Treatment for cancers in both the colon and the rectum are different, and the type of treatment received depends on a number of factors including:

  • the size and position of the cancer
  • whether or not it has spread to other parts of the body
  • age and general health
  • any personal requirements or concerns

Surgery

The purpose of surgery for cancer is to remove all or part of the cancerous tumour and neighbouring tissue that may have been invaded by the cancer. Surgery is carried out when it is thought that there is a reasonable chance of removing all the cancer. Sometimes the surgeon cannot tell whether this is possible before the operation.

Very small and early bowel cancer can sometimes be removed during a colonoscopy. However, in most cases surgery is required to remove a section of the bowel.

When a surgical procedure is performed, usually a section of the bowel is removed along with nearby lymph glands. In the vast majority of cases, the bowel can be joined together, and there is no requirement for an artificial opening (stoma) where the faeces, or bowel motion, comes away from the body into a bag or appliance, rather than from the anus as usual.

In some instances, a temporary artificial opening may be necessary, but sometimes it may need to be permanent. If such a stoma is necessary, then a modern reliable appliance is worn which ensures an excellent quality of life for those who required them. Highly qualified nursing staff (stomal therapists) teach and supervise the management of stoma appliances.

While the main treatment for bowel cancer is surgery, chemotherapy and radiotherapy are also used to treat and manage the disease.

Chemotherapy

Chemotherapy is the treatment of cancer using anti-cancer (or cytotoxic) drugs to kill cancer cells. Because anti-cancer drugs enter the bloodstream and circulate throughout the body, they can kill cancer cells that may have spread to distant parts of the body.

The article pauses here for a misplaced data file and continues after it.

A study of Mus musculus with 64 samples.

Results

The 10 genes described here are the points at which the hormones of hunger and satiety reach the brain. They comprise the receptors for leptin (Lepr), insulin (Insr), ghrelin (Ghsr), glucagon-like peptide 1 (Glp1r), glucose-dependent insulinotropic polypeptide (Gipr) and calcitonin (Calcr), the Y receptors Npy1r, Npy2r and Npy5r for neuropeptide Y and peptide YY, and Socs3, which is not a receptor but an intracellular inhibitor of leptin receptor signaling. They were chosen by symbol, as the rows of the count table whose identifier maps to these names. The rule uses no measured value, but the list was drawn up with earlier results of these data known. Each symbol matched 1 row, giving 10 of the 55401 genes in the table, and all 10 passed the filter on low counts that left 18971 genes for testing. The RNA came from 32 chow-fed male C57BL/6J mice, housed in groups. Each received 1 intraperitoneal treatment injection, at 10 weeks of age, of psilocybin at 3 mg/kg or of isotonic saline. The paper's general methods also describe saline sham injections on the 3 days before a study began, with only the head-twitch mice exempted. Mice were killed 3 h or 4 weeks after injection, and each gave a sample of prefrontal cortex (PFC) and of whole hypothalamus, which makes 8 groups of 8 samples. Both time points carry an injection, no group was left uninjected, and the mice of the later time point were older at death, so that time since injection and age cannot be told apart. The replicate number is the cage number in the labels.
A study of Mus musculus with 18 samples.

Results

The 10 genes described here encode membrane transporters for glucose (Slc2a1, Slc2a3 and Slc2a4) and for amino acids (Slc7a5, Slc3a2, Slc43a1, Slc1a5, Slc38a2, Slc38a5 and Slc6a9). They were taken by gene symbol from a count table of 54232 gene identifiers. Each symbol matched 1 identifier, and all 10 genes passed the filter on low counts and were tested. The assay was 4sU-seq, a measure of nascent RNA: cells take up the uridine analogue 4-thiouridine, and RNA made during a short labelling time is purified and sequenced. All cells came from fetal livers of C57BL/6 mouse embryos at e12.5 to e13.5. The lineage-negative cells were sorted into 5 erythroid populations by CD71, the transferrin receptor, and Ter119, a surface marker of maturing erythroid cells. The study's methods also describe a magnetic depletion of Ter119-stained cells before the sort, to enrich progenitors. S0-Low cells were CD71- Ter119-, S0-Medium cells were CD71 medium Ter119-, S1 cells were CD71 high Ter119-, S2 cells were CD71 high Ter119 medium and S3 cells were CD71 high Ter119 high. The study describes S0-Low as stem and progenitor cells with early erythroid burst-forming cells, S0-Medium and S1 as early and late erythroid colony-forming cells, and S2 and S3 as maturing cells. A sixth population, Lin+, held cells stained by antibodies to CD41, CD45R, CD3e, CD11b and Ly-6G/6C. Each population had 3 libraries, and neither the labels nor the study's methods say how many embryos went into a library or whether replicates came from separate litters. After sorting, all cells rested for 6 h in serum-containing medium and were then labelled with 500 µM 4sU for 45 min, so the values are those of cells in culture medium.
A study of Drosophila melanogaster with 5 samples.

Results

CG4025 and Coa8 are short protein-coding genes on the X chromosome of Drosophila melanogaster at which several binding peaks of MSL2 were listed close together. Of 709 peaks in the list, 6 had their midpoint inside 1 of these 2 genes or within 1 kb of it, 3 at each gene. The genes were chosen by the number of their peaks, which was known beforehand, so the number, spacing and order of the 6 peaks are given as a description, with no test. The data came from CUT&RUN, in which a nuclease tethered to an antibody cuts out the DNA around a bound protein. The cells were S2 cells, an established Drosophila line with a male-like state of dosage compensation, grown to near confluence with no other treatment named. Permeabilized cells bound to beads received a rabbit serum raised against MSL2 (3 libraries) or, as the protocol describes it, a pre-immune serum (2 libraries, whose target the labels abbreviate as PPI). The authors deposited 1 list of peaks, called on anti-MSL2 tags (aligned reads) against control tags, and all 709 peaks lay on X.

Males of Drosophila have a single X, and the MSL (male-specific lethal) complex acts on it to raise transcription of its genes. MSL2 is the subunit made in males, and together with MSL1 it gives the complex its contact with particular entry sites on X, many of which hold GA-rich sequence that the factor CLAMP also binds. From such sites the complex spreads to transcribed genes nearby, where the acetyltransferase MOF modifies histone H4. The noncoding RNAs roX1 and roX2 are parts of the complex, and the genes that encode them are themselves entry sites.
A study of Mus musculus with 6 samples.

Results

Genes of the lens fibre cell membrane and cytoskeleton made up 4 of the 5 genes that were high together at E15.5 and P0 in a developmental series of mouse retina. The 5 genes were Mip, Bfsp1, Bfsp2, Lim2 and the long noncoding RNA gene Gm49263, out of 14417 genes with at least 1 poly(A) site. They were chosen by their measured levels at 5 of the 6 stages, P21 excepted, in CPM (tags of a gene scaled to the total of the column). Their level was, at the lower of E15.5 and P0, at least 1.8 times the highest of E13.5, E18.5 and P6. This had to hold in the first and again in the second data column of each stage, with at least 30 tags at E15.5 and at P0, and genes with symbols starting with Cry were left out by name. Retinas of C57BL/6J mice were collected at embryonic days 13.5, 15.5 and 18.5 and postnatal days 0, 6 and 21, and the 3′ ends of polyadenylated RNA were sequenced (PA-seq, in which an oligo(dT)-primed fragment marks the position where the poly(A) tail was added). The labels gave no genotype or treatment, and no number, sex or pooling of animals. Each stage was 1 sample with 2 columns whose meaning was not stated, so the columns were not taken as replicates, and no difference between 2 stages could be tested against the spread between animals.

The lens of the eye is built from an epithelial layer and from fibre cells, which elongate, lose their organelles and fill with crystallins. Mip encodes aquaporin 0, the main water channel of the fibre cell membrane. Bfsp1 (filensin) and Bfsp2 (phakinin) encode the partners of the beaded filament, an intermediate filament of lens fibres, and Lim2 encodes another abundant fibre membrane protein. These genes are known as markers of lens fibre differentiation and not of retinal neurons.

Chemotherapy can be used before or after surgery, and is usually given intravenously (into a vein), or sometimes as tablets. Chemotherapy may be used to use increase the chance of cure, or to shrink the size of the cancer if cure is not possible. When a cancer cannot be cured, chemotherapy can improve survival, reduce symptoms and improve quality of life.

Radiotherapy

Radiotherapy treats cancer by using radiation (high-energy x-ray or gamma rays) to destroy cancer cells. Treatment is carefully planned to do as little damage or harm as possible to healthy tissue around the cancer. Radiotherapy may be used in addition to surgery to treat rectal cancer; however it is uncommonly used to treat colon cancer.

Radiotherapy can be used before or after surgery, and is often used in conjunction with chemotherapy, but not always. If a tumour is very large or close to vital organs, radiotherapy may be used to shrink the tumour before surgery. Radiotherapy may shrink tumours before surgery and reduce the risk of the cancer returning.

Other things to consider

Treatment and ongoing care for bowel cancer involves a number of different doctors, specialists and health professionals. It is important to be treated by specialists that have appropriate training in the management of bowel cancer. Your GP will refer you to these specialists and help coordinate your care.

At Cabrini, our team of bowel specialists hold regular multidisciplinary clinics where they may choose to discuss your case with other medical specialists, ensuring the best possible care and treatment plan.

Remember, every person and every case of bowel cancer is different, so the right treatment plan will differ from person to person. Your GP and bowel cancer specialist will discuss these treatment options with you and determine what is right for you.

Clinical reserach and trials

Researchers are constantly developing new cancer treatments.

These treatments need to be compared with established cancer treatments to see which is more effective. To do this, doctors need to carry out a clinical trial. This means that a group of patients is selected to receive a new treatment program, while another group receives the currently established treatment. The results of each treatment are then compared.

Clinical trials are only carried out after tests have shown that the new treatment is likely to be beneficial, and that there are no serious side effects. Patients enter a clinical trial only if they agree to do so after being fully informed of all the procedures.

Clinical trials are the only scientific way to prove the effectiveness of a proposed cancer treatment.

For more information on clincial research occuring at Cabrini, please click here.